EARMARKS OF DYSFUNCTION
“You can’t do the healing without
the feeling, the leaving without
Much pathology is a pattern of learned response, a reaction to
modeled behavior while living in addictive systems. Some of the
behaviors can be altered simply through insight, education, awareness
and decision. When the behavior is repetitive and not altered, even
after we are aware and decide to change, it falls into the compulsive,
Codependency is made up of several compulsive disorders; it fits
the addiction model and is best treated within that model; it overlaps
and responds to other approaches and treatment modalities. There are
several paths to building self-esteem, identity and boundary sense.
Many of the learned aspects can be unlearned, but the addictive
aspects requires a support system and a treatment process.
PROBLEMS, PROBLEMS, PROBLEMS
We view life as a problem to be solved, becoming addicted to
control. The lack of ego strength, fear of haplessness, fear of
powerlessness and the defensiveness create a need for control. To
maintain control a person must head off each possible uncontrollable
factor at the pass by anticipating, planning strategies, and avoiding.
The hurt adult begins to view each day in terms of the problems to be
solved and the methods a person must maintain to not lose control.
More and more we become problem oriented. We make lists of problems
and check them off.
This problem orientation builds toward many of the phobias and
anxieties that travel with codependency. The more control we need the
more we fear being out of control.
We overreact to anything that may produce a loss of control, -flying,
storms, ski lifts, driving on freeways, shopping in crowds, elevators,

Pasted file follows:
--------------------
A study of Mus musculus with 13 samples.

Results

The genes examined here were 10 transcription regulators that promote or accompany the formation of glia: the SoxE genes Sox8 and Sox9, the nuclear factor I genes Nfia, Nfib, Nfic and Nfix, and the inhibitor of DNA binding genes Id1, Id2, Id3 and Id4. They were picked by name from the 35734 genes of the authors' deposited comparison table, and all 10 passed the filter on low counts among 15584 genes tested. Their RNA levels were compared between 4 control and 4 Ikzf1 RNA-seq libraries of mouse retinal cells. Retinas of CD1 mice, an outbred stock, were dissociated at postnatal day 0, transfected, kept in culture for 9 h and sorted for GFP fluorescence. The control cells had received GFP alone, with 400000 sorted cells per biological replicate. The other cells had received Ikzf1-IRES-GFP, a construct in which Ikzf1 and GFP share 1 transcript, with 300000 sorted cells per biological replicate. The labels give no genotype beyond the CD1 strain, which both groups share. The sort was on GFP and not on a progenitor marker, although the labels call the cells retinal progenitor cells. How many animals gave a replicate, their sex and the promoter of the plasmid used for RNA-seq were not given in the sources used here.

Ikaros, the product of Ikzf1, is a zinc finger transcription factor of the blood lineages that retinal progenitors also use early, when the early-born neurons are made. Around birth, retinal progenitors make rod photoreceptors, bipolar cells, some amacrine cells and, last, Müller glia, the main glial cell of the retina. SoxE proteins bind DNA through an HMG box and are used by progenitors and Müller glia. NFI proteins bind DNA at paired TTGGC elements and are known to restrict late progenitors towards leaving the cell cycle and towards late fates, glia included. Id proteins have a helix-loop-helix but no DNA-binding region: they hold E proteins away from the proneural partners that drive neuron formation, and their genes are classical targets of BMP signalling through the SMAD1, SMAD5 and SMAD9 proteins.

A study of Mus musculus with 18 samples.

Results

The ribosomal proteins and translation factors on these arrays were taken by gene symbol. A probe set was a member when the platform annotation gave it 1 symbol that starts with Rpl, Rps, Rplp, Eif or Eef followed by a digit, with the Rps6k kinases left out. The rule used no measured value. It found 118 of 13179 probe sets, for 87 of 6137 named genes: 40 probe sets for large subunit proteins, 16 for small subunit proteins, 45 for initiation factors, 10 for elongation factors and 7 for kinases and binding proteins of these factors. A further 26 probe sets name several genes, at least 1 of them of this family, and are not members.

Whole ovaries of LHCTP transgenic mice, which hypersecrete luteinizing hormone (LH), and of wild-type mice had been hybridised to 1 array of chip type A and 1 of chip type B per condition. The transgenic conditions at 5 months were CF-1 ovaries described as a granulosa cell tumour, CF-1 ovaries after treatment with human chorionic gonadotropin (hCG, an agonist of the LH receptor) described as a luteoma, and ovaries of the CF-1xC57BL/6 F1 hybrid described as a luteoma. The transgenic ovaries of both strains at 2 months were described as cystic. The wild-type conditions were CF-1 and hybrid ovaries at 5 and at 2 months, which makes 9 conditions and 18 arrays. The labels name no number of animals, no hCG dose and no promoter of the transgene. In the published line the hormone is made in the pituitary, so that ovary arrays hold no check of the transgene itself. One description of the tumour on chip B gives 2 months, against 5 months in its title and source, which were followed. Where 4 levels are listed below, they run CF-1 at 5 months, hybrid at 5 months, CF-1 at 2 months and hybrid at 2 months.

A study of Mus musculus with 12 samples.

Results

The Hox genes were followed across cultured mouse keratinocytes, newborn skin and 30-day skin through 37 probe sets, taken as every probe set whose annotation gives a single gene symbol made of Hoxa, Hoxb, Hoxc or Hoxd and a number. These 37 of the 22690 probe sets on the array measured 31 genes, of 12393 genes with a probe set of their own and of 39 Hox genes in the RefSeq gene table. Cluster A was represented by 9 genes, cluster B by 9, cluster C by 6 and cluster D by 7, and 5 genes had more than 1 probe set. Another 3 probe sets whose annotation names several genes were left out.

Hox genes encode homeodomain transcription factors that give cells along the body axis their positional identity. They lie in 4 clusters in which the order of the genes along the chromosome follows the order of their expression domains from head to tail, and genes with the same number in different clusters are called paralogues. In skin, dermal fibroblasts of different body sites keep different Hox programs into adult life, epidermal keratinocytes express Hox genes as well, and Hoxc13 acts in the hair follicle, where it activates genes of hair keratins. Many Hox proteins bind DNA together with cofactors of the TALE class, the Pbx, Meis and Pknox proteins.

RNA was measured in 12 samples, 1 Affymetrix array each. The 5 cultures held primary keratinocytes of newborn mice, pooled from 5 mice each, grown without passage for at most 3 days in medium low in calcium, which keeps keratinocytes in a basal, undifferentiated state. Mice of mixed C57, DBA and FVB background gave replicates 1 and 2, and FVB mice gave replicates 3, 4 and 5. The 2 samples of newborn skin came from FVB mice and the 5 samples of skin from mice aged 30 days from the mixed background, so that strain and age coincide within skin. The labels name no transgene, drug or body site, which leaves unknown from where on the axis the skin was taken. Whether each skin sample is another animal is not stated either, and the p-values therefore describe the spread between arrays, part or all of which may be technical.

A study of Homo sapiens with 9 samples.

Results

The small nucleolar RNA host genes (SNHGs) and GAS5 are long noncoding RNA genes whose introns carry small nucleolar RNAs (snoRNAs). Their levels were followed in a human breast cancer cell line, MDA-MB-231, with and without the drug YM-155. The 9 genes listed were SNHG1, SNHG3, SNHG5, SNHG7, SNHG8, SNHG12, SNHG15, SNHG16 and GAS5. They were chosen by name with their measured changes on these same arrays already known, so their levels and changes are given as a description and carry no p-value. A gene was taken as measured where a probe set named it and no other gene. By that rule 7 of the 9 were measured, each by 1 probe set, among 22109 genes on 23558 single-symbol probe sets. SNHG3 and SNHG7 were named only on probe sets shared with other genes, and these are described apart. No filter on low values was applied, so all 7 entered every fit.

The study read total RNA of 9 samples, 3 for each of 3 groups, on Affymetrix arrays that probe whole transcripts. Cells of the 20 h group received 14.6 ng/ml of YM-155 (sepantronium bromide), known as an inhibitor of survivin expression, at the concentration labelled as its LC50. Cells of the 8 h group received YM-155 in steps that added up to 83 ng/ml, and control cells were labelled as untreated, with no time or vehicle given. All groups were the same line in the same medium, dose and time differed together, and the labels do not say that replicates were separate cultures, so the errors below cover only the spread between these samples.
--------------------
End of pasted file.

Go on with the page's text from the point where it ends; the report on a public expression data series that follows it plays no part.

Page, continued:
heights and other fears. We fear the panic attack that may happen
when we feel out of control, when we’re in a crowded places or our
feet leave the ground.
We often quit doing the things we enjoy because they look too hard.
Physical challenges are avoided. When traveling we expect to be
pampered, taken care of and get impatient and controlling with the
people we meet. Flight delays, hotel mix ups are an affront to us.
We no longer notice people and places. We live for the next foul-up,
the next problem, the next place to attack. We may act positively and
friendly but the steam inside builds up. If our lives are a problem
to be solved, we can no longer see that life is a mystery to be
embraced, a process to be enjoyed.
We lose a sense of time, of the preciousness of the moment and
a connectedness with others. We perpetuate the myth of our control.
We think that we have control. Our control is an illusion. It’s
insatiable. We are controllers and sometimes the control appears to
be the healthiest part of our life. The irony is that giving up
control and accepting our powerlessness leads us to recovery.
We try to control our feelings, other people, the world. It’s like
a pressure cooker with no release valve. We will and do explode.
Sometimes our addictiveness provides the release–the nicotine, food,
sex, spending, gambling and obsessive relationships. In our attempt
to recover from the addictions, things get worse. New addictions take
place of the old. Our codependent relationships become more and more
troubled. We switch, trade, go back and forth among the many
addictions we have without ever dealing with control.
It’s no coincidence that the first step of AA or any other twelve
step program deals with powerlessness. We keep trying to prove we can
control the compulsions we have, as if that is going to prove we don’t
have a problem. We often can control it or think we are controlling a
compulsion by stopping it temporarily. This is pseudo control since
even if we do end up controlling, it is the difference between
sobriety and serenity. The addiction isn’t really the problem, the
We control the symptoms but ignore the
Taken from “Broken Toys, Broken Dreams” by Terry Kellogg, M.A.